Chelsea’s turnaround under Benitez


RDM’s only blemish so far had been missing out on the UEFA Super Cup and Community Shield, which were basically glorified pre-season one off games.

Chelsea had been leading the league up until RDM’s departure and although the club was defeated by Juventus by a score of 3 goals to 0, Champions League progression was still a distinct possibility. So it was a massive shock when RDM was sacked the day after the defeat in Turin.

Naturally there was a backlash, and boy was it big. Chelsea fans turned on Roman Abramovich, protests about Rafa Benitez began and continued well into the weeks ahead.

Signs could clearly be seen at Stamford Bridge saying ‘Rafa Out’ and ‘RDM: Chelsea Legend’ during the first game of Rafa’s reign. Talk shows such as ESPN Press Pass and Fox Soccer were giving their presenters leeway to verbally blast Chelsea’s management.

The Daily Mail at one stage had an article slamming the football club up every few hours.

But in the midst of all this commotion there were players trying to cope and adapt to the latest managerial transition.

Immediately after Benitez was appointed, theories were thought up, mainly saying that Fernando Torres’ lack of goals was the reason why Benitez was appointed.

This in turn put unwarranted criticism on both Torres and Benitez. Rafa was booed by Chelsea fans simply because of the fact that he had once been a manger of a rival team. It is this type of simple minded, childish tribalism by fans that had turned Chelsea into the butt of most football jokes, despite the fact that they were defending champions of Europe.

For instance Jose Mourinho worked as a translator for Barcelona in his youth, however that did not stop Real Madrid from signing him up years later.

Rafa’s first game ended in a bland 0-0 stalemate against defending EPL champions Manchester City. This was a solid result considering the club were supposedly in turmoil.

Goals were still an issue at that time. Then there was another 0-0 draw with Fulham at home, a game Chelsea should have won.

The criticism continued, even though the Blues had not conceded a goal in 180 minutes without John Terry.

Then came the 3-1 defeat to West Ham United. That was certainly the time to be upset. The team got overrun in the second half. However the coach should not cop all the blame – the players were the ones that ran out there and conceded the result.

The calls to sack Rafa were heating up. This is where the fans’ logic got to the stage of borderline mental.

Could these ‘fans’ tell me when a club has ever sacked another manager weeks after sacking the previous? These people could not grow up and realise no matter how much we loved having RDM as coach, that he would not be rehired by Roman, so it was time to look forward regardless of the consequences.

Champions League Matchday six arrived, the must win game against FC Nordsjaelland of Denmark was on. Chelsea had to win this game and hope that Shakhtar Donetsk defeated Juventus at home in order to progress to the knockout stages.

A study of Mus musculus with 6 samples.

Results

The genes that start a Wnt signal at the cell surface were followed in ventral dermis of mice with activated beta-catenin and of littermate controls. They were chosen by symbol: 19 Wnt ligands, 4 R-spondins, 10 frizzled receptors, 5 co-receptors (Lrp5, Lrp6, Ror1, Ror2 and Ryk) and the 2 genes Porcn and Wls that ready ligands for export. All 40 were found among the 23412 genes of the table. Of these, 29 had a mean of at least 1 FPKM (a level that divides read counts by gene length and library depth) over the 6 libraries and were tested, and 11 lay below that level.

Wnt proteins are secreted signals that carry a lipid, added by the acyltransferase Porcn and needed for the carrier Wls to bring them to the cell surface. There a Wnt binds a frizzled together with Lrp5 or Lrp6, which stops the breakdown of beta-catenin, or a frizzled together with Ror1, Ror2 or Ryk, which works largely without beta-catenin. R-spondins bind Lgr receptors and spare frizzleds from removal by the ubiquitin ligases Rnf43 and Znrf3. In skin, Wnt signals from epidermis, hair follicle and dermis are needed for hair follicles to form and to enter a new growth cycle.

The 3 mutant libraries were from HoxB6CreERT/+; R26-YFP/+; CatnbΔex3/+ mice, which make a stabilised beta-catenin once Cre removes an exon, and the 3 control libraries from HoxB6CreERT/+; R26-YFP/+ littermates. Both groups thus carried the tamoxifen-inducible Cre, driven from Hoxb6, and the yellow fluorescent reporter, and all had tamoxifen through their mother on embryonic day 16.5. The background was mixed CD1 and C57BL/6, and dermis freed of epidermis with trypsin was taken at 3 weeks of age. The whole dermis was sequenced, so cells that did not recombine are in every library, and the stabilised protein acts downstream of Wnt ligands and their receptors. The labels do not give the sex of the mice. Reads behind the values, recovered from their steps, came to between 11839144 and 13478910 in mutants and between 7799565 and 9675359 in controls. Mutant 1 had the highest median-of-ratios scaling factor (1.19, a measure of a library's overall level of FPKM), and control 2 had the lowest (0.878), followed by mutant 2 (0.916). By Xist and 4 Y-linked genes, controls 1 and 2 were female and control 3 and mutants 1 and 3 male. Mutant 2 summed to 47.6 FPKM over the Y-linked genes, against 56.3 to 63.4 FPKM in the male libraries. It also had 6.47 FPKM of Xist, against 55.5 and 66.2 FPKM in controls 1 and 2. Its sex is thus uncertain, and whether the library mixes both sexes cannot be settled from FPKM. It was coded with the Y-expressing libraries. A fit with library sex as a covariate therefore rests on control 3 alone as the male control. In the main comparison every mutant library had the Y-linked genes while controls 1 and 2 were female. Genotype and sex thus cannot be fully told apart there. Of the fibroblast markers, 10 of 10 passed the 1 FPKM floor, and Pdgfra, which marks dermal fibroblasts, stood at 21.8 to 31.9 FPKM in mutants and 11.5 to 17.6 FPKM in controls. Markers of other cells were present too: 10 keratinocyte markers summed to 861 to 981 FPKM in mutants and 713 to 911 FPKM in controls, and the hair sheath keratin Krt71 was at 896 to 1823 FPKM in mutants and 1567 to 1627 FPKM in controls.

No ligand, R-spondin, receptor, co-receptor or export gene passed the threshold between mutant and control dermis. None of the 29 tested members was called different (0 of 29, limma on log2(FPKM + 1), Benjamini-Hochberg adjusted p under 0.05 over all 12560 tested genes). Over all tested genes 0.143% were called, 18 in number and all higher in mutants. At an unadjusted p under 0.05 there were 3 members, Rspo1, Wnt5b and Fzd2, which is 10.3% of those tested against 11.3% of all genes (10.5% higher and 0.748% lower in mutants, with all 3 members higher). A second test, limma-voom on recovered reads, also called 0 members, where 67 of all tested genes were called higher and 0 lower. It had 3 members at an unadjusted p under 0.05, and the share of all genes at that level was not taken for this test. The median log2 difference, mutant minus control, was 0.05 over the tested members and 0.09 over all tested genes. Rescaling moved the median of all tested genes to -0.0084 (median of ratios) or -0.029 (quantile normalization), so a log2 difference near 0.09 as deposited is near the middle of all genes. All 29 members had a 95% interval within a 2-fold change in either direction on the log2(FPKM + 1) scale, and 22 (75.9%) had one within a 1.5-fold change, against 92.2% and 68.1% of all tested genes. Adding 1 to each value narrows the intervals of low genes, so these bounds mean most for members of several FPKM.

The game began with both sides having scoring chances, and Eden Hazard missing a penalty as well as a Nordsjaelland striker. Chelsea then received another penalty and David Luiz made no mistake, much like that famous night in Munich.

Once Chelsea had the pre-game jitters out of their system, the rout started and ended with Torres grabbing a brace and an overall scoreline of 6-1.

If only goal difference was still used, then Chelsea would have been through.

It turned out that Shakhtar had butchered their game against Juventus which resulted in Juve topping the group and Chelsea falling to third and the Europa League for the first time.

This time the Rafa haters could say nothing bad: we had won our game in style and the only reason we dropped down was due to circumstances beyond our control.

Suddenly the light at the end of the tunnel was visible. After a solid 3-1 away win to Sunderland in which Torres grabbed another goal, the FIFA Club World Cup was up next and the first game against Monterrey was a walkthrough, the final against Corinthians was back to the bad old days of missed opportunities which cost Chelsea the chance of being world champions.

Back to the Capital One Cup after a long flight from Japan and a game away to Leeds beckoned. A sloppy start had us down 1-0 at the break, and then we snapped out of it and played to our potential, scoring five second half goals (which netted me a nice profit).

The next game was a pre-Christmas home game against Aston Villa at the Bridge, where suddenly everything clicked again. Over the entire 90 minutes Chelsea fired eight goals against Aston Villa with David Luiz playing exceptionally in midfield and hitting a goal that would make Cristiano Ronaldo jealous.

Finally, pulling the trigger on Luiz in the midfield was a masterstroke by Bentiez and is probably a benefit of having a manager with nothing to lose who can make radical change without fear.

Torres once again opened the scoring with a sublime header which brought back memories of his Liverpool heyday. Moses, Hazard, Oscar and Ramires rounded the game up to deliver the best scoreline and win of the Premier League this season.

After a win against Norwich City, Chelsea are nipping at Man City’s heels in the Premier League, within striking distance of the title.

After the initial resistance, Chelsea fans should be happy with the way Rafa has the team performing, and some of the coaching decisions he has had to make, especially regarding Luiz.

All in all it has been a wild and bumpy few months for Chelsea. As a fan I wouldn’t have it any other way.